For the July LP Supper Club, Mr SW had a great idea: We’d showcase culinary school techniques pulled from his massive collection of Culinary Institute books. The only catch was that we had to prepare light, summery dishes and try not to make too much food.
On the menu:
Mushroom and Goat Cheese Strudel with Madeira Sauce (The Sassy Writer)
Corn Fritters (Mr SW)
Fish Salad With Grapefruit Emulsion (Me)
Chocolate Souffle (Kevin)
The Sassy Writer kicked off the meal with a mushroom and goat cheese strudel. Even saying the word strudel makes me sweat. Phyllo dough is so paper thin that not tearing it requires the patience of Mother Theresa. The Sassy Writer meticulously spread butter between 5 sheets of phyllo dough and then filled the dough with a sautéed mixture of shitake mushrooms, goat cheese, and a vegetarian demi glace with madeira. Even though the dish sounded heavy, it came out wonderfully light thanks to the airiness of the phyllo and a serving of salad with a delicious vinaigrette to “cut the butter.” I absolutely adored this dish, although I will say it was hearty enough for an entrée. I’d definitely make this dish; I’m no longer afraid of phyllo, especially when I see that you don’t have to be perfect—you just need to get the butter between each sheet.
Mr SW showed off the culinary technique of frying with a mouthwatering corn fritter. Corn kernals gave the fritters a hearty texture that is unlike any of the fritters I’ve tried. The fritters also contained red bell peppers and habanero jack cheese plus some guajillo peppers in the batter for an extra kick. The fritters were served with Tapatio hot sauce. So delicious!
I was tasked with the entrée—a daunting challenge for a vegetarian in a room full of carnivores. I took the easy way out by reverting to my veg-aquarian ways. I selected a fish salad with grapefruit emulsion, mostly because it was a cold dish and citrus is always yummy on a hot day. At Central Market earlier that day, I was disappointed by the white fish selection that consisted of only tilapia, haddock and sea bass. I chose haddock, although I had never eaten that fish before. When I was removing the skin, I was pleasantly surprised by how sweet the haddock smelled—a lot like crab.
Borrowing from the French Culinary Institute book, I decided to poach the fish à la nage (swimming), although the fish would not be served in the broth. I combined carrots, onions, parsley, a garnis bouquet (that is, thyme, parsley stems, black pepper corns, and a bay leaf wrapped in cheesecloth), pinot grigio, white wine vinegar and water in a Ziploc bag. I then added the fish and dropped the entire thing into Kevin’s newly constructed sous vide machine. Then I whipped up a chive and spinach oil (made with vegetable oil) and a grapefruit emulsion with extra-virgin olive oil, blanched lemon zest and the juice of 5 grapefruit. The grapefruit emulsion wasn’t just pretty; it was so yummy and possibly one of my favorite components of the night.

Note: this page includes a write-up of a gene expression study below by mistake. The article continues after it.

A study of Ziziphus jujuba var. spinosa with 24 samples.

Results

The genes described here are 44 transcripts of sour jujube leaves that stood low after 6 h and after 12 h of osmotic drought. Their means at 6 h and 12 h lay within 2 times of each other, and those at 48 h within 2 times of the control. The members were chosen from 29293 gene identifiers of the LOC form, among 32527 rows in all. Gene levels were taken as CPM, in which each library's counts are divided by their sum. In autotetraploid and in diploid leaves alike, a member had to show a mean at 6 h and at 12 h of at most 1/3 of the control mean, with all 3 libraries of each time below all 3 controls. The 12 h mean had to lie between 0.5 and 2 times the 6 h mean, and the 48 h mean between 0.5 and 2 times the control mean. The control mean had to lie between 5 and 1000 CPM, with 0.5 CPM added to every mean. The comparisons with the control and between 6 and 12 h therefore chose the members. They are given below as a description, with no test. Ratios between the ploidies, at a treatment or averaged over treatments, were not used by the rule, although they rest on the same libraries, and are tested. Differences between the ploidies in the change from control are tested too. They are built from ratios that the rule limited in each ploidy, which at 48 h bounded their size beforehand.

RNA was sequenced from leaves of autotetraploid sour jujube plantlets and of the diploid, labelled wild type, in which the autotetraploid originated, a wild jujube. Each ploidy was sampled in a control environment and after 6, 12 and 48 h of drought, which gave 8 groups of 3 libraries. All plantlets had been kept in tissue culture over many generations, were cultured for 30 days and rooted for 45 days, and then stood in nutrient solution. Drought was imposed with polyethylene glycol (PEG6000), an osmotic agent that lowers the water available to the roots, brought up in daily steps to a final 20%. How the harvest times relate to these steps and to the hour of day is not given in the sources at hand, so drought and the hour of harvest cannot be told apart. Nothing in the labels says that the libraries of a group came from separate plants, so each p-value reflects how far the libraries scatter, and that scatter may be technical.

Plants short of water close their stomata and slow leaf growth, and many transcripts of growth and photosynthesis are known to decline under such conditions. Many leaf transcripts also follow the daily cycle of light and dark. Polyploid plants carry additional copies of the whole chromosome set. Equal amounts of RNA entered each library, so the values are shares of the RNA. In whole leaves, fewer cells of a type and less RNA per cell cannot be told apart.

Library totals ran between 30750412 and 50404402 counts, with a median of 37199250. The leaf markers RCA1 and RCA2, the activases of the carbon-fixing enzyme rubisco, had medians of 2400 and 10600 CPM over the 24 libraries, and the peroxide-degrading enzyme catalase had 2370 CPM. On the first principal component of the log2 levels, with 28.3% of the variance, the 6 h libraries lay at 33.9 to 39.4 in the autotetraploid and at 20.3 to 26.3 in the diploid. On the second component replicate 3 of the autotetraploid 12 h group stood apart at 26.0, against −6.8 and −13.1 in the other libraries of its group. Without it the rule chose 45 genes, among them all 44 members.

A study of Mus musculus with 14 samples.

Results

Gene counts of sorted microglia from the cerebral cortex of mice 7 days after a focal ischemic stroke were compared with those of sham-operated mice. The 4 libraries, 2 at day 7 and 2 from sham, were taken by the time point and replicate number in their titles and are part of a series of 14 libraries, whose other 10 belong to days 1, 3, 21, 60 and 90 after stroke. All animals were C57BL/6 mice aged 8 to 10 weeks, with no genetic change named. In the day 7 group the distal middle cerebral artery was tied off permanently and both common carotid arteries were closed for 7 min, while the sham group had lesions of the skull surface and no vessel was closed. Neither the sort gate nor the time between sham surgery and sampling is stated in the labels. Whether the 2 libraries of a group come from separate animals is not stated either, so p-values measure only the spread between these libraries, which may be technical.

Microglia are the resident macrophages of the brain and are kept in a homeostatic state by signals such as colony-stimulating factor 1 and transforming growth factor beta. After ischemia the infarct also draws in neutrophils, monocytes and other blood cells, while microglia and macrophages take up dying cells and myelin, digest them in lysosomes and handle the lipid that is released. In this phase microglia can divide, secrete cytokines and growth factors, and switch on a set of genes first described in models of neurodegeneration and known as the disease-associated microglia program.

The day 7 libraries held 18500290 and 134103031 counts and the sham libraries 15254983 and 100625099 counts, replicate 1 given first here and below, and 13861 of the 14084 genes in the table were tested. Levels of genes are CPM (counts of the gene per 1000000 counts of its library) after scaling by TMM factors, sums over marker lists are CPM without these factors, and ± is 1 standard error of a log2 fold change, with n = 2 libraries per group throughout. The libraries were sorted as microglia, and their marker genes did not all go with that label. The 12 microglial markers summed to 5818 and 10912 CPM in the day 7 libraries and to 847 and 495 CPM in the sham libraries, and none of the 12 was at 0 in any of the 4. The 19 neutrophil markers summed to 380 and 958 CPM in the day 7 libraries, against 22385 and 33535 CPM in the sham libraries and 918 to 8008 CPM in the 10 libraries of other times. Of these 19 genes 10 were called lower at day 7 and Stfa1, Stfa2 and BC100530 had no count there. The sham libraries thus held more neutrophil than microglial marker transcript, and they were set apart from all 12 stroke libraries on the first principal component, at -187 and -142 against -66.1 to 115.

To plate, I mixed chilled haddock, celery root, homemade mayo, shallots, lemon juice and avocado to form the salad. I then piled the salad into a ring mold for a perfect circle. Next I poured the grapefruit emulsion around the salad, and dotted the emulsion with chive and spinach oil and cut chives. I topped the salad with broccoli sprouts and fried yucca root.
Sounds impressive, no? Strangely, my biggest challenge was making mayonnaise. First, I decided to cut the recipe in thirds. But then I forgot and only cut the oil by half. I noticed when the mix refused to stiffen. So, then I went back and added more of the other ingredients (vinegar, mustard powder, egg yolks), but by then the entire thing was broken. Luckily, Mr SW saved the day. He referred to a book called “Ratio” by Michael Ruhlman (which I now highly recommend), which clued us in that mayo can sense when you’re afraid of it. So, after some major shit-talking from Kevin and Mr SW, I combined one egg yolk and vinegar in the blender and then slowly drizzled in the broken mixture. Wow, what a difference!
Kevin made dessert—finally something I could taste (unless he secretly added duck fat to it)! I have to say that I’ve made a couple of breakfast souffles, and I’ve never been much of a fan. So, while I encouraged Kevin’s choice, I wasn’t expecting a lot from this dish. But boy was I wrong! Kevin’s souffles were perfectly cooked, and perhaps that’s the difference between his and mine. The chocolate souffle was so rich with the bittersweet chocolate, yet also light. How can a dessert be both rich and light? It’s an enigma—a delicious enigma.
In case you’re keeping track, the culinary school techniques we showcased included frying, strudel making, souffle creating, fish poaching, and emulsion and infused oil making (these are not official terms). I’d say we definitely hit some major categories with this supper club. Plus, this one might have been our best yet because all of the dishes were spot on and there was no clear favorite. Next month we’re leaving the cooking to the real experts and checking out DFW’s Restaurant Week. See a list of the participating restaurants and make your reservations. Maybe we’ll see you there.